The history of Boondooma Station
Boondooma Homestead is sited close to the Boyne River, a sizable watercourse which usually appears to be a dry bed of sand. As the Aborigines knew and the settlers of 1846 soon found out, good clear water was readily available just beneath the sands surface.
Traditional Aboriginal inhabitants referred to the area as Boondooma, understood to mean a hole dug in the sand from which to obtain a drink.
It represents a step back to 1847 when the Lawson brothers established the Boondooma Station. Like most of the stations during that period, sheep were pastured, thus making wool and tallow their main income, depending on the season.
Many of the shepherds employed by the Lawsons were of Chinese and German origin.
As with isolated stations in the early days, the homestead and surrounding acreage was built with the basic necessities similar to a small village.
Over time, with several changes of ownership, severe droughts, bushfires and the scourge of spear grass, Hereford cattle replaced the sheep.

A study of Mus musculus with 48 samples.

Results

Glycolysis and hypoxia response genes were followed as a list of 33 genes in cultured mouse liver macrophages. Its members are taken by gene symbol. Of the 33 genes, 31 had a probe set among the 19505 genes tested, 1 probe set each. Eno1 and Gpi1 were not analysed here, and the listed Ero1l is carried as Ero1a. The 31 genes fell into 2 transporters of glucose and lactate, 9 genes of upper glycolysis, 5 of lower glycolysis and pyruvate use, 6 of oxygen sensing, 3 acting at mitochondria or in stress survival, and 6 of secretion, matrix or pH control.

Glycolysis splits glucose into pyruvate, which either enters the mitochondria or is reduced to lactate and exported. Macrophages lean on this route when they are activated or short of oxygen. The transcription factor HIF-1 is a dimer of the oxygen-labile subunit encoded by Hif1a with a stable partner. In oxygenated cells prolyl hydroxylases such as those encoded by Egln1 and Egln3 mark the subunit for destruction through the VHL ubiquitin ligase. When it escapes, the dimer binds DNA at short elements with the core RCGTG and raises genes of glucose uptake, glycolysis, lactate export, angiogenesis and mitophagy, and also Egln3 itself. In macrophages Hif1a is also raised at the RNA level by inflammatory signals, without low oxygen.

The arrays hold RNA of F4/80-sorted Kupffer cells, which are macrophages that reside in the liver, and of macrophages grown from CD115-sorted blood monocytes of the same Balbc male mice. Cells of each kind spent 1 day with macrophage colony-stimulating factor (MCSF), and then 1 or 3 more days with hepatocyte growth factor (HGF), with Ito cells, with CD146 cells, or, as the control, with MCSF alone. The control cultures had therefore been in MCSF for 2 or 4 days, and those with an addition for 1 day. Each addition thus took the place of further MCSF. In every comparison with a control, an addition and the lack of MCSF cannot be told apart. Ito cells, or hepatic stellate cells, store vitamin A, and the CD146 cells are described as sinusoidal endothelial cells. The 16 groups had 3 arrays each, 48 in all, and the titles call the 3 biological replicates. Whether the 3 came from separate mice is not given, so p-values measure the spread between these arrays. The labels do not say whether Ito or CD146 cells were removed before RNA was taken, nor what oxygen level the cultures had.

It was subsequently bought by Gilchrist, Watt & Co. of Sydney, and later by McConnels of Cressbrook Pastoral Co.
In 1922 after the leases ran out, the government reduced it to 1,600 acres and it was drawn by ballot by Fred Palethorpe. His managers, the Thomsons, were subsequently the last two generations of owners before selling the heritage-listed buildings to the Wondai Shire in 1975.
Today people can visit the homestead and admire the fortitude and perseverance of the early settlers.